Pup-Napped: 1910

Pup-Napped: 1910

The "Li'l Cornhusker" seen here earlier seems finally ready to sleep, in the company of the family dog. A 4x5 glass negative from Pawnee City, Nebraska, circa 1910 or earlier. View full size.


Of what was happening then, or now. Carefree AF.

Li'l Cornhusker's left eye

As JennyPenn has confirmed, the kid is normal, and massively cute. Plus, one of the best kid-and-dog shots ever. But it still doesn't explain his crazy left eye in the previous post. I am left with two possibilities: something photographic and technical which I’m surprised tterrace hasn’t already explained, or, the first picture was otherworldly and possessed, and that eye was truly demonic. Sweet dreams, all.

[The third possibility is an injured eye. - Dave]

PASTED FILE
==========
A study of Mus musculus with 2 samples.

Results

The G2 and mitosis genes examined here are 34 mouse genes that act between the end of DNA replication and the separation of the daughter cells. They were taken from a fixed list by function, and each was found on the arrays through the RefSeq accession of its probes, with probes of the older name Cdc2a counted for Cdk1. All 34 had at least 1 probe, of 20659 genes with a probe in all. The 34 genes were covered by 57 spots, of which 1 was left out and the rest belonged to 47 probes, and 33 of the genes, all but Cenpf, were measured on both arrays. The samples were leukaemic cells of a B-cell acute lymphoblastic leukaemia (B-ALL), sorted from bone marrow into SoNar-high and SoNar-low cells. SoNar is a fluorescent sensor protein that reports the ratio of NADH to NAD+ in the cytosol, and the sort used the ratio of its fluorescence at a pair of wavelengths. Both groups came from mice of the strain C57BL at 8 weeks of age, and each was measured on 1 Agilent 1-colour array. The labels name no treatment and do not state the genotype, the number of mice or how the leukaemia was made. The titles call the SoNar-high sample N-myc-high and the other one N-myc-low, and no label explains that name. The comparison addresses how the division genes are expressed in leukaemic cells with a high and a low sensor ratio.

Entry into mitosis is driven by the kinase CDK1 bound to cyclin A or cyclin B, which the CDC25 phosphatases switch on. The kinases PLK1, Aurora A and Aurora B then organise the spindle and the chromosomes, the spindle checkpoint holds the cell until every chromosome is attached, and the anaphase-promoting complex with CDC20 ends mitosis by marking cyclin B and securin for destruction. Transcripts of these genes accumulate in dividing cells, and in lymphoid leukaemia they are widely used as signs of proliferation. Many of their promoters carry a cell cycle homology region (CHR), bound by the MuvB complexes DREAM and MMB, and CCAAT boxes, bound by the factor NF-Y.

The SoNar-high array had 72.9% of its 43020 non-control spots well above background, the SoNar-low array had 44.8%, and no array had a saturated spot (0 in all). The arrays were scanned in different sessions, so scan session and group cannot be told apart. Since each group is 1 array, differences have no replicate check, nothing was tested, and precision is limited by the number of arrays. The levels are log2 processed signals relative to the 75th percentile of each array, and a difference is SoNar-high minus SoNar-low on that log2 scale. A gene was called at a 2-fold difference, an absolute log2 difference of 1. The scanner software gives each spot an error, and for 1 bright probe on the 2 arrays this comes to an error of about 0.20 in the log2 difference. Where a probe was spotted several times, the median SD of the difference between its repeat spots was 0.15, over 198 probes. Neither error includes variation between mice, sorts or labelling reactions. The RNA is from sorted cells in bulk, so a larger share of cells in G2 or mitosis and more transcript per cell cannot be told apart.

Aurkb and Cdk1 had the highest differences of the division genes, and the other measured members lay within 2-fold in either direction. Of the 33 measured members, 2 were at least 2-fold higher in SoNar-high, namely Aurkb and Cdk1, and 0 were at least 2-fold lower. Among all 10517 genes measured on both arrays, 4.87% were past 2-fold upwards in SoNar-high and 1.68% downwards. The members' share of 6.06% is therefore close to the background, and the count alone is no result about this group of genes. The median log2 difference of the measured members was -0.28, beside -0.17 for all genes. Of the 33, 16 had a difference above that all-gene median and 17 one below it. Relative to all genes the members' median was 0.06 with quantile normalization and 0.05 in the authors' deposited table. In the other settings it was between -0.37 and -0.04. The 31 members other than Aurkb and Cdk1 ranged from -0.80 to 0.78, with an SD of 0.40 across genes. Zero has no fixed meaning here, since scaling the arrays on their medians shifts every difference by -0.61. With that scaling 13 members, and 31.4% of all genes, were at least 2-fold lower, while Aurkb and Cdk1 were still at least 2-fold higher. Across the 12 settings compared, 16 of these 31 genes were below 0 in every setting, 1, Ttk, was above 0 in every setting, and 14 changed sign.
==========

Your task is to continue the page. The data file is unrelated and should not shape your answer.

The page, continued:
The photographic eye

Consider not the eye of the child but the eye of photographer. In an era of large heavy cameras note the low placement of the apparatus, the perfect depth of field, the wonder of the sun through the trees and the three dimensionality of the image. Beautiful.

Another beauty . . .

. . . of a photograph. I wonder if the talented photographer ever left Pawnee City for the bright lights of the big city.

Peek a ... boo!

There's that large left eye again. Not for nothing but this time it looks to be of normal size ... and perfectly placed in the face of an unusually beautiful child. So this is me breathing a sigh of relief.

Dog's expression is priceless

I've got my eye on you, so don't do anything foolish.

 
SHORPY OLD PHOTO ARCHIVE
Shorpy.com | History in HD is a vintage photo archive featuring thousands of high-definition images from the 1850s to 1960s. (Available as fine-art prints from the Shorpy Archive.) The site is named after Shorpy Higginbotham, a teenage coal miner who lived 100 years ago.